Ski down slopes
With all the mountain ranges in Kazakhstan and the snow naturally covering the ground one-third of the year, skiing is a popular sport in the country. There are multiple tourist-friendly skiing locations in Kazakhstan, both for amateurs and professionals.
If you wish to do skiing as a leisure sport, the Chimbulak skiing resort in Almaty is a popular destination. The ski resort features a 3,000 meter long downhill slope that amateurs can enjoy. You’d have to take a long ride by cable car to reach the top, though.
Additional activities here include hiking and mountain climbing.
For the more serious ski enthusiasts, take a trip to the Medeo Complex, the world’s biggest high-mountain winter sports complex. It used to be just a skating rink, but is now a sprawling complex for snow sports lovers that is visited by people from all over the world.
Aside from skiing, the complex offers practically every winter sport, with ice being maintained for eight months in the year.
Relax at a spa
The best way to relax in Kazakhstan is to indulge yourself in a spa – there is an abundant number of spas in the country, offering various treatments, and scattered around the country in different urban and rural locations. To give you an idea, there are 98 sanatorium holiday hotels and 115 preventative medicine sanatoria in Kazakhstan.
Most of the spa resorts in the country are located in common tourist areas such as sports facilities, cultural buildings, and archaeological and historical sites. You can also find some high in the mountains or nestled in the valleys for the ultimate getaway experience.
The most popular spa resorts in Kazakhstan include Sari Agach in southern Kazakhstan, Mujaldi in Pavlodar, Arasan-Kapal in Taldikorgan, Jani-Kurgan in Kzil-Orda, Kokshetau and Zerenda in Kokshetau, and those that are located in Zaili Alatau.
You will find that a couple of hours is too short a time to spend in these spas. Once you see how natural and relaxing the treatments are, you would want to spend a whole day there.
The mountains of Kazakhstan are natural wonders that are just perfect for tourists to hike in. Each mountain, each crevice, and each rock has a unique story to tell the tourists that take the time to explore them.
And with so many possible hiking spots, the stories are practically endless.
The Zaili Alatau Mountains near the city of Almaty offers various hiking trails. The Tien Shan Mountains that can be found in southeastern Kazakhstan stretches 1,500 kilometers – imagine how many hiking spots there are in that distance!
The highest peaks in the Tien Shan are the Pobeda Peak at 7,439 meters and the Khan-Tengri Peak at 7,010 meters.
The Kungei Alatau range is another popular hiking spot because from here, you can marvel at the Kolsai Lakes – three blue mountain lakes that are also known as the “pearls of the Tien-Shan.”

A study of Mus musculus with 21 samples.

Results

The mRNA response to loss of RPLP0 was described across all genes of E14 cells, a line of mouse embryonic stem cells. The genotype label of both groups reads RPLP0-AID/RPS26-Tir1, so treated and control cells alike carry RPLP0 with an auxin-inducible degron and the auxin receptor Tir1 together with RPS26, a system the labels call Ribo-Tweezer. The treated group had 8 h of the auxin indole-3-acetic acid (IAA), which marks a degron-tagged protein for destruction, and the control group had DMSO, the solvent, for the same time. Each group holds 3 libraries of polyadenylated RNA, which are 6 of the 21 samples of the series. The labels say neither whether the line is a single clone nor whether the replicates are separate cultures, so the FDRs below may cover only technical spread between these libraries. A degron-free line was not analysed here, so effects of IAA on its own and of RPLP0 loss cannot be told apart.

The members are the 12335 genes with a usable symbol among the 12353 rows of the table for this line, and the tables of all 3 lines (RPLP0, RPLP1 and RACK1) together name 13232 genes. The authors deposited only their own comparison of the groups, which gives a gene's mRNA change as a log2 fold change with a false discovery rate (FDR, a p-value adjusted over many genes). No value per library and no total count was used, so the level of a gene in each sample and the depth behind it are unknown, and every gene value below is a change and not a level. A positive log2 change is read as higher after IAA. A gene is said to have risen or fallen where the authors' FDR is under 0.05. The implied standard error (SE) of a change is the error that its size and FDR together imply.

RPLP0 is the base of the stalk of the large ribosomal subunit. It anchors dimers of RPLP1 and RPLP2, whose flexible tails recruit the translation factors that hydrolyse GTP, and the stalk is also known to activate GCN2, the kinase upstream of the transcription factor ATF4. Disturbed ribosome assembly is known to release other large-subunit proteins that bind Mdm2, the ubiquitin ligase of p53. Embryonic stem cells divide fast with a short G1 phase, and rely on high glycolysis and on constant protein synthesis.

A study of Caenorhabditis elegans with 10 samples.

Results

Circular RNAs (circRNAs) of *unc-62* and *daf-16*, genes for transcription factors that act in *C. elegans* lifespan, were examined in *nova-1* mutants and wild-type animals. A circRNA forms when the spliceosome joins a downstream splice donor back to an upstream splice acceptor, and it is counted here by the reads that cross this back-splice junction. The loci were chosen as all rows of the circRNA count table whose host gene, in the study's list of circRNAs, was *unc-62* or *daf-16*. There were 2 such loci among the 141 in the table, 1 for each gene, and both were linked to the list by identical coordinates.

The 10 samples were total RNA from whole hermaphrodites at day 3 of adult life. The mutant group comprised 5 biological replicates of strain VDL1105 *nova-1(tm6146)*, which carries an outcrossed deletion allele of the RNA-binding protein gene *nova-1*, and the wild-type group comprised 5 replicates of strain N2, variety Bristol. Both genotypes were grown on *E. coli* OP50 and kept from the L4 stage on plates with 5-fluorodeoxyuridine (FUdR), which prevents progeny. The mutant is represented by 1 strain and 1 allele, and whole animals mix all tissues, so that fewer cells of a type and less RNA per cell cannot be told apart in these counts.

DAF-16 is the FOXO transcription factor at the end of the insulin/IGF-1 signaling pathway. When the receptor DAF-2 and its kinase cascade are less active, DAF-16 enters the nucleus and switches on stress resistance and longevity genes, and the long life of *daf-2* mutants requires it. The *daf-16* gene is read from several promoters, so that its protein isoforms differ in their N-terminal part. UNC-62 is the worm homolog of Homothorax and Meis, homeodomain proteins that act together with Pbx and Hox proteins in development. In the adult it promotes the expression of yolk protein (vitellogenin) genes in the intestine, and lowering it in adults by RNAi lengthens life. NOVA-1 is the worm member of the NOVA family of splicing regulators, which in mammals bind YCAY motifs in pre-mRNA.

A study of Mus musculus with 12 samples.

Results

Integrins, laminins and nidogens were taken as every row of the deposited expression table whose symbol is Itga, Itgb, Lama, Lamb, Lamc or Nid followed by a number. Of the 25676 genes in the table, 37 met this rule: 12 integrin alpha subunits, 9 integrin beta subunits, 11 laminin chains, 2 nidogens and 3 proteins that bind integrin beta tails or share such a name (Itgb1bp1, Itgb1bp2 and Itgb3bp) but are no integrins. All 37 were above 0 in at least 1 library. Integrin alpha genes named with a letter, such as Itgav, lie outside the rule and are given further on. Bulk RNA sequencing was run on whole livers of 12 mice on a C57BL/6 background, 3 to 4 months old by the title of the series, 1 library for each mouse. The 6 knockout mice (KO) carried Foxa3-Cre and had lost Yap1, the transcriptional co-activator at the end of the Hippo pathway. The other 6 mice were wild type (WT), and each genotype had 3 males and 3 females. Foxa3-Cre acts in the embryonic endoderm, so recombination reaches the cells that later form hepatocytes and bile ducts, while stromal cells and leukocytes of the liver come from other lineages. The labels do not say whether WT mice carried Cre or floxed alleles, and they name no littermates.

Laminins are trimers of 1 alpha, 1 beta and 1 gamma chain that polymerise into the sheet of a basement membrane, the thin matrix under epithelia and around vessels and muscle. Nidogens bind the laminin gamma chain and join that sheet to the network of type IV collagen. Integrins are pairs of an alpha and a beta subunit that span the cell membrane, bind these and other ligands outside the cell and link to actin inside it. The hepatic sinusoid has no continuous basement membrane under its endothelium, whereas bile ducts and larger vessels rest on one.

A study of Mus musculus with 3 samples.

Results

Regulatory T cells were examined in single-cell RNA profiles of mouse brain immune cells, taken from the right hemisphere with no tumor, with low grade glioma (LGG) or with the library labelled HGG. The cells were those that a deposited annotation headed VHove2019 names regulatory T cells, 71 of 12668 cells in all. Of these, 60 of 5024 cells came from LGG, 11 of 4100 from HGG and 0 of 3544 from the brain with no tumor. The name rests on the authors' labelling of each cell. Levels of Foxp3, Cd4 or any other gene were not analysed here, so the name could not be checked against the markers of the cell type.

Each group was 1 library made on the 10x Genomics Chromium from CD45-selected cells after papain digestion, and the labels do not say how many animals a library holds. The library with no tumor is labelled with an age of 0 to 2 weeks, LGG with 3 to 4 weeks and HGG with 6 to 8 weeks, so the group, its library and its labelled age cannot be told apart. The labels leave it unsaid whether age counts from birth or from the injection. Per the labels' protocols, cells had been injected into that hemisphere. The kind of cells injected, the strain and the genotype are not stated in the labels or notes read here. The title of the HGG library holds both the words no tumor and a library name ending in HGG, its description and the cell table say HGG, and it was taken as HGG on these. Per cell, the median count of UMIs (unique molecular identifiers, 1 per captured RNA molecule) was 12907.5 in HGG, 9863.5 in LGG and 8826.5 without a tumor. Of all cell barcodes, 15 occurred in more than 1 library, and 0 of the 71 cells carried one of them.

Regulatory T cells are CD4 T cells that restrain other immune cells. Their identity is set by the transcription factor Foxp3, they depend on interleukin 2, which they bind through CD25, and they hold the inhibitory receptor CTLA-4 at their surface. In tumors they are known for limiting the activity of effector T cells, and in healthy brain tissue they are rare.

If you are up to a hiking adventure, Kazakhstan has so much to offer you. Even a leisurely stroll through picturesque mountains is a worthwhile experience on its own.
Petrogylphs are engravings made on rock surfaces. These petrogylphs were used by ancient people to leave messages and tell stories about their lives during that time.
There is an abundance of petrogylphs in Kazakhstan, made by the ancient Kazakhs, specifically in the region of Tamgaly in the Anrakhai Mountains – 170 kilometers northwest of Almaty. Most of the petroglyphs can be found in the lower parts of the main canyon, as well as in the adjacent side canyon.
There are approximately 2,000 petrogylphs in the main canyon. These petrogylphs include pictures of idols with the sun as heads, warriors in disguise, married couples, and women giving birth.
There are also petroglyphs with many figures at the same time, depicting people hunting animals. There are many symbols of suns all throughout the canyon, showing the importance of the sun to the ancient Kazakhs.
Seeing these petrogylphs will give you a glimpse of ancient Kazakhstan and a deeper appreciation of how they have developed their country to where it is today.
Go rafting at the Charyn River
The Charyn River is a 255 kilometer long river that cuts through the Charyn Canyon. The first part of the river is also known as the Shalkydysu, the middle part is also known as the Kegen. The Charyn River also has several small tributaries and then there is one big tributary, called the Temerlik.
The Charyn River is turbulent and full flowing, with an average annual flow of 33.2 cubic meters. Because it gets most of its water supply from precipitation, the water levels are at their highest from May to June, the rainiest months.
There are four sections of rapids in the Charyn – the Muinakskie cascades in the first part that are of the waterfall type, the Tau-Teke rapids that are called “toothbrush” rapids, and then the Saigak and Armadillo I and II rapids in the section approaching the Charyn River checkpoint.
For the adrenaline junkies, rafting at the Charyn River is a tumultuous ride. However, conquering the Charyn should be on your list if you are into extreme sports.
Hello fellow travelers! My name is Mary and I am the main author of Traveling East. Just like any other travel enthusiasts, traveling has also been our passion! For inquiries, suggestions or anything travel related, please feel free to send us an E-mail at firstname.lastname@example.org.